Our Internal Organs

Human beings have eight main internal organs. These include the brain, lungs, liver, kidneys, bladder, heart, stomach, and intestines. Each one has different functions and some are more important than others. However, if one of these organs would be removed from a person, living would be difficult. Anyways, in the following paragraphs, the functions of each of these organs will be explained in detail.

The brain is perhaps our most essential organ that differentiates us from other animals. According to the Department of Education and Training Victoria, “The brain is the control centre of the nervous system and is located within the skull. Its functions include muscle control and coordination, sensory reception and integration, speech production, memory storage, and the elaboration of thought and emotion” (“Internal Body Organs”). So, without our brain, we could not move, think, or control our body in any shape or form.

Though the brain seems essential, the lungs can be said to be equally important. Without a set of lungs, we would die within a minute or so. Stated by LiveScience, “The lungs are responsible for removing oxygen from the air we breathe and transferring it to our blood where it can be sent to our cells. The lungs also remove carbon dioxide, which we exhale” (Rettner, Rachel). Basically, the lungs are a filter for our breathing capabilities and for things that are harmful to us in the air.

Another filter for our body is the liver. However, this organ also functions as more than that. According to WebMD, “The liver’s main job is to filter the blood coming from the digestive tract, before passing it to the rest of the body. The liver also detoxifies chemicals and metabolizes drugs. As it does so, the liver secretes bile that ends up back in the intestines. The liver also makes proteins important for blood clotting and other functions” (Hoffman, Matthew). Without having a liver or it working well, we would get ill in a snap.

A normal human being has two kidneys, and a person can live with just one. However, this does not lessen the importance of this organ. Based on information from the U.S. Department of Health and Human Services, “Your kidneys remove wastes and extra fluid from your body. Your kidneys also remove acid that is produced by the cells of your body and maintain a healthy balance of water, salts, and minerals—such as sodium, calcium, phosphorus, and potassium—in your blood” (“Your Kidneys & How They Work”). So, the kidneys are filters and a balancer that accompanies its cousin, the liver.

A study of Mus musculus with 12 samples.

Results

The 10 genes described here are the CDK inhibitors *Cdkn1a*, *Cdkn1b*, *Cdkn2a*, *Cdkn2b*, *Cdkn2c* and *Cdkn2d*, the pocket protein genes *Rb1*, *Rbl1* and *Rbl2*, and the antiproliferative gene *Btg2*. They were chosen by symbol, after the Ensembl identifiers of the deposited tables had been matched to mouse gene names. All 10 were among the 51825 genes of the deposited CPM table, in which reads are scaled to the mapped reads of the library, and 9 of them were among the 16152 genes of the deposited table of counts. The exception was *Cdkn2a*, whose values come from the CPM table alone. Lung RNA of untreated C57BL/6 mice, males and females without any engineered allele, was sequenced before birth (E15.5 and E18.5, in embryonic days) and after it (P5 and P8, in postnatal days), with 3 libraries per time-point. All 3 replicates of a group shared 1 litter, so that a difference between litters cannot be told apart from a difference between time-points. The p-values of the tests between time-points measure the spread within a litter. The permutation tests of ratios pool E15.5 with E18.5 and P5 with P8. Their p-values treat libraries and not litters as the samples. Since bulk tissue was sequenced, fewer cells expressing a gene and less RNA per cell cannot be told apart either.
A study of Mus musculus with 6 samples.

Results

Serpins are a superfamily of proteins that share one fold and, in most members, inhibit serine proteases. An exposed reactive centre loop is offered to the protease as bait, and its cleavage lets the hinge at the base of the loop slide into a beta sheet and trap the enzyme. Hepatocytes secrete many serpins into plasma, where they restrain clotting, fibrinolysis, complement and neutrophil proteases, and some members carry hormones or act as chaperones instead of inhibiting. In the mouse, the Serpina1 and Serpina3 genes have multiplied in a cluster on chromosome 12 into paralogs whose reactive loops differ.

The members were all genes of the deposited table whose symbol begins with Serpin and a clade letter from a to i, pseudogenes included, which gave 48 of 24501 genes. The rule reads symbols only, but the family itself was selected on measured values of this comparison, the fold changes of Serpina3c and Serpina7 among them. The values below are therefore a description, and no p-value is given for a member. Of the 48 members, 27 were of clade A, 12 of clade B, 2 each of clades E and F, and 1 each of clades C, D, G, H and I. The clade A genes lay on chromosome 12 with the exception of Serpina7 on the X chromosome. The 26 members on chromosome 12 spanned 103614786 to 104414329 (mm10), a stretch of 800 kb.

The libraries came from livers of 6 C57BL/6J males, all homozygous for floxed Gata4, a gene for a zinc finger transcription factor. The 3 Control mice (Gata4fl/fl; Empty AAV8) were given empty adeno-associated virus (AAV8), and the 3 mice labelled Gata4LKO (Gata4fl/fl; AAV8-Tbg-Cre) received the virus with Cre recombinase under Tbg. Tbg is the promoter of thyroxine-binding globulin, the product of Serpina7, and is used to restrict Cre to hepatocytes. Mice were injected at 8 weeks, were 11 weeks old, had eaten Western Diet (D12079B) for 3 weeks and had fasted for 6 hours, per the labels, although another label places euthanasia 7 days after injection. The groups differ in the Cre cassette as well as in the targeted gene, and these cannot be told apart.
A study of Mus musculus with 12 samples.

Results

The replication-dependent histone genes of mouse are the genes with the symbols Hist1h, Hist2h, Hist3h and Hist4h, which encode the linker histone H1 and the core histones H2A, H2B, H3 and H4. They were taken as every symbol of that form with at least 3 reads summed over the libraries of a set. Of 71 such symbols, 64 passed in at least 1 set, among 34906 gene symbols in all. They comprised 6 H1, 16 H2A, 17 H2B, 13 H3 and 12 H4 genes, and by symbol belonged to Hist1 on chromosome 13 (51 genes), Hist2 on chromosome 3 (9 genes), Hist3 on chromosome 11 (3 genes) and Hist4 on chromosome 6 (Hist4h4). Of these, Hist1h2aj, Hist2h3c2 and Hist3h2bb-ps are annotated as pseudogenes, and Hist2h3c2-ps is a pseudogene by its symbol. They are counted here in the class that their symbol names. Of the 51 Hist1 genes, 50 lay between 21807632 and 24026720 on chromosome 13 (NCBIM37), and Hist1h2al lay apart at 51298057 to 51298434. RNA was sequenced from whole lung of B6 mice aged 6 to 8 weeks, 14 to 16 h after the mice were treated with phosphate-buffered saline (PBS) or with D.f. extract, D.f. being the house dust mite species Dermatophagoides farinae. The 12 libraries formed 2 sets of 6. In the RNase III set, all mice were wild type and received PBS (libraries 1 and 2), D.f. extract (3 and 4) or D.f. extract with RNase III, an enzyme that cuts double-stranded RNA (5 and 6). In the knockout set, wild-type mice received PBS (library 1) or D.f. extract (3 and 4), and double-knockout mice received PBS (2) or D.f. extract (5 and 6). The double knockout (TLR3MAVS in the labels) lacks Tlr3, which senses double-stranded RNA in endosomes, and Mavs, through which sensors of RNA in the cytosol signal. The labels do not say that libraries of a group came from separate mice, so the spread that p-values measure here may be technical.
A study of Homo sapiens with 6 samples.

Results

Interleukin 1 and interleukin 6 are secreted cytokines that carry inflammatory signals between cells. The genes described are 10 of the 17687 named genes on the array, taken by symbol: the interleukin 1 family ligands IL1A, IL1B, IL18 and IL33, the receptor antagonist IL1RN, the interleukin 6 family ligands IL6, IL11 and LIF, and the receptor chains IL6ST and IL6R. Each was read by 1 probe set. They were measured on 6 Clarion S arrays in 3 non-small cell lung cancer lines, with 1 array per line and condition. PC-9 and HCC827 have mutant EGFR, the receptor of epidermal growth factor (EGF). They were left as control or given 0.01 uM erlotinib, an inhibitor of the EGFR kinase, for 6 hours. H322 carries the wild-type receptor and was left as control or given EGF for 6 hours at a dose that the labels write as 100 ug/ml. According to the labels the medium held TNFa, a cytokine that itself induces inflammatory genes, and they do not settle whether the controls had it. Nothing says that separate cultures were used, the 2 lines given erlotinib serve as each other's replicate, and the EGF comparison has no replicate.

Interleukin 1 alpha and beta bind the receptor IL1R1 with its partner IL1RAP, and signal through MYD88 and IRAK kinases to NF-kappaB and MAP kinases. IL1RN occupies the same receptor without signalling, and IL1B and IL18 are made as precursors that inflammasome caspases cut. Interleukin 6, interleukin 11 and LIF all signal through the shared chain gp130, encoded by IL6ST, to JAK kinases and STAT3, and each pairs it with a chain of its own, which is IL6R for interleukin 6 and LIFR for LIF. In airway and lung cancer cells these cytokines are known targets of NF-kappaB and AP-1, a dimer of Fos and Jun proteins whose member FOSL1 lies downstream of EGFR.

Not as essential as other organs, the bladder gathers urine, which is created in the kidneys. Without the bladder sac—which is about the size of a pear without being filled—we would be peeing more frequently. The bladder allows us to urinate infrequently (“Picture of the Bladder”).

Back to important organs, the heart, according to Medical News Today, “…beats 100,000 times a day, pushing 5,000 gallons of blood through our body every 24 hours. It delivers oxygen- and nutrient-rich blood to our tissues and carries away waste” (Newman, Tim). If our heart stops, we will die in a matter of minutes.
Now we move onto the stomach. As we might know, its priority is to digest the food we consume. After being digested by being broken down, our food is turned into a liquid (“Internal Body Organs”).

Lastly, we have the intestines. There is a small intestine and a large intestine. The small one takes in ingested food, while the large one absorbs water and sends off waste (“Internal Body Organs”).

With these eight organs, our body functions properly. Take out one of them, and maybe we can survive with difficulty, such as a kidney. But the best thing we can do is to take care of our organs by eating the right food, seeing a doctor often, and not taking in any harmful substances.

Works Cited

“Internal Body Organs.” Department of Education and Training Victoria, www.education.vic.gov.au/school/teachers/teachingresources/discipline/science/continuum/Pages/internalbody.aspx.

Rettner, Rachel. “The Human Body: Anatomy, Facts & Functions.” LiveScience. https://www.livescience.com/37009-human-body.html

Hoffman, Matthew. “Picture of the Liver.” WebMD, WebMD, www.webmd.com/digestive-disorders/picture-of-the-liver#1.

“Your Kidneys & How They Work.” National Institute of Diabetes and Digestive and Kidney Diseases, U.S. Department of Health and Human Services, 1 June 2018, www.niddk.nih.gov/health-information/kidney-disease/kidneys-how-they-work.

Hoffman, Matthew. “Picture of the Bladder.” WebMD, WebMD, www.webmd.com/urinary-incontinence-oab/picture-of-the-bladder#1.

Newman, Tim. “The Heart: Anatomy, Physiology, and Function.” Medical News Today, MediLexicon International, www.medicalnewstoday.com/articles/320565.php.